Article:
Home Elecrtonics: Expanding Horizons
The home theater has become so ubiquitous that it is difficult for designers to create anything unique. One company, however, is using advanced technology to improve the widescreen viewing experience, while another is expanding the large-screen theater into a multimedia venue.
Since the early days of film, moviemakers have enticed audiences with ever-wider panoramic images. While front projection systems can create large-screen images at home, they have difficulty emulating the wide cinema screen shape (called CinemaScope) of films such as Lawrence of Arabia, Titanic, and numerous others. Instead, most TVs shrink the widescreen image into the screen’s available real estate and add unsightly and distracting black bars above and below the picture to fill the remainder of the space. With high-definition television (HDTV) and its inherently wider screen shape compared to that of normal TV, these ultrawide movies fit onto the screen with smaller, but still noticeable, black bars.
While nearly all of Runco International’s digital projectors are HDTV compatible, the company’s higher-end models and a new line called Cinewide (ranging in cost from just under $15,000 for an as-yet unnamed 700-series model to $250,000 for the MBX-1) have various lens options that can stretch the image horizontally to allow for images that are even wider than those available on HDTV. Coupled with complementary video processing or motorized lenses, these projectors can create true CinemaScope pictures and yet still produce HDTV and standard TV images in their appropriate shapes and sizes.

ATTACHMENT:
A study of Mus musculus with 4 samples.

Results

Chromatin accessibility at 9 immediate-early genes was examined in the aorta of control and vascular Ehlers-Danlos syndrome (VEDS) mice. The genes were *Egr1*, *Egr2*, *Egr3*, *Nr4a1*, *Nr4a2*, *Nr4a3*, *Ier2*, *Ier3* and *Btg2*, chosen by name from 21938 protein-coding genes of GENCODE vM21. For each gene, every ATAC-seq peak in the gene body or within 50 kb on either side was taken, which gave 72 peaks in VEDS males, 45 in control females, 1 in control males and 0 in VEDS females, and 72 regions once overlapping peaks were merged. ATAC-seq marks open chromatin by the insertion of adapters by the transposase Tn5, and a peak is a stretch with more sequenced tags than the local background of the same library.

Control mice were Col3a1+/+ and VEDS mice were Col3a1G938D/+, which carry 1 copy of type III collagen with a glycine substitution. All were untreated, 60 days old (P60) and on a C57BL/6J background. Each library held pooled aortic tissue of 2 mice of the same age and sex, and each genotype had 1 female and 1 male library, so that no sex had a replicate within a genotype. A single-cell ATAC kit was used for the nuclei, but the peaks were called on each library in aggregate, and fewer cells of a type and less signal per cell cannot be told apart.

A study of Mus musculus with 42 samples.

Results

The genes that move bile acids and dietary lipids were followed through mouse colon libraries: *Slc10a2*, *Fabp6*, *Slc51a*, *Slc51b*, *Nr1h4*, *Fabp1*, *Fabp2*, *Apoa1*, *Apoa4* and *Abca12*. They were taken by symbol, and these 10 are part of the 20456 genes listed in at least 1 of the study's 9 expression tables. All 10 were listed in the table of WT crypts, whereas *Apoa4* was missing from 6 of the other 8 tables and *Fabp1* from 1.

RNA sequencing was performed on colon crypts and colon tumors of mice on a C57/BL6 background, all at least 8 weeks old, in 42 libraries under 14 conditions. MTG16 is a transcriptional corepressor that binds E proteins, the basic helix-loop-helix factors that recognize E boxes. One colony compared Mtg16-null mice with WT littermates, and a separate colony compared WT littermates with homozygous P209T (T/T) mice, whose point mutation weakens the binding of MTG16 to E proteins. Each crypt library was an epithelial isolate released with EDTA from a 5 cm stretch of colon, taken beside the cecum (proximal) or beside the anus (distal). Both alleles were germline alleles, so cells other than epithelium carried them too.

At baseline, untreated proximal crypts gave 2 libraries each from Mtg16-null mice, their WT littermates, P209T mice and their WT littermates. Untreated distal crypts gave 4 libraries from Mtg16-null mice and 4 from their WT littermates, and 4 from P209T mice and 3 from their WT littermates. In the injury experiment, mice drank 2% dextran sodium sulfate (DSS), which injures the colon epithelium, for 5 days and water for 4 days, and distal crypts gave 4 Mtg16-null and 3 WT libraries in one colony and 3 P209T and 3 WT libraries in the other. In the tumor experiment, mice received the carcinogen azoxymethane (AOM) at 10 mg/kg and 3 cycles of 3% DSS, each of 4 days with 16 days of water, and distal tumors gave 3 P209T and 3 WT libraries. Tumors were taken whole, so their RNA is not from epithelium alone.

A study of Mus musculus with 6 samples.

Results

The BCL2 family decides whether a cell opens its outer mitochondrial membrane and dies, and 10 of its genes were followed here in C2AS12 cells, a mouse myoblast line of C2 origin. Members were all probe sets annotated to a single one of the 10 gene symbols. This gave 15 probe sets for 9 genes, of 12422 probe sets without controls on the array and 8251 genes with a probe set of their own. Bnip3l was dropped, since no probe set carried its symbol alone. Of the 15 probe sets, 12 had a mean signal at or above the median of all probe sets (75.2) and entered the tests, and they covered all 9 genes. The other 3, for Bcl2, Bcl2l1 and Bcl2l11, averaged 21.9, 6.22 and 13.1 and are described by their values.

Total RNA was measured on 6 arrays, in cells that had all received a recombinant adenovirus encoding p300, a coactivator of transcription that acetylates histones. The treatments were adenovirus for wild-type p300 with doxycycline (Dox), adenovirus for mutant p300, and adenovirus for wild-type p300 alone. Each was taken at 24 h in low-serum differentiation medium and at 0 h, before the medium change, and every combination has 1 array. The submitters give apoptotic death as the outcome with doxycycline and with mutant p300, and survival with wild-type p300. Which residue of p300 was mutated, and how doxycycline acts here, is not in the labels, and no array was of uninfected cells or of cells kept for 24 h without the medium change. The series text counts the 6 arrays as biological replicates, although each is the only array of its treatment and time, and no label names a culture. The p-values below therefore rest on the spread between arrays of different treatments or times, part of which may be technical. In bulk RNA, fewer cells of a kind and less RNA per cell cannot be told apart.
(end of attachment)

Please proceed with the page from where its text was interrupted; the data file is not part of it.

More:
Instead of creating wide images from a single projector, Vista Systems’ proprietary Spyder processor can output incoming signals to several projectors so that the images, when configured side by side, blend together to create one superwide, seamless picture. The Spyder processor not only fills the screen with CinemaScope movie images, but also composites as many as 64 different sources and outputs those signals onto the screen simultaneously, in real time, in any number of image windows.
This may be the ultimate picture-in-picture function. You can watch a full-size HDTV image in one part of the screen while simultaneously surfing the Internet through your computer in a separate window on the same screen. You can create a third window to channel-surf other HDTV signals, play video games, or view a security camera image of your front door. On a sports-filled Saturday or Sunday afternoon, you can have several images on screen to show every available game simultaneously. The system accepts nearly any type of signal and, depending on the number of inputs and outputs, costs from $25,000 to $50,000 for basic configurations.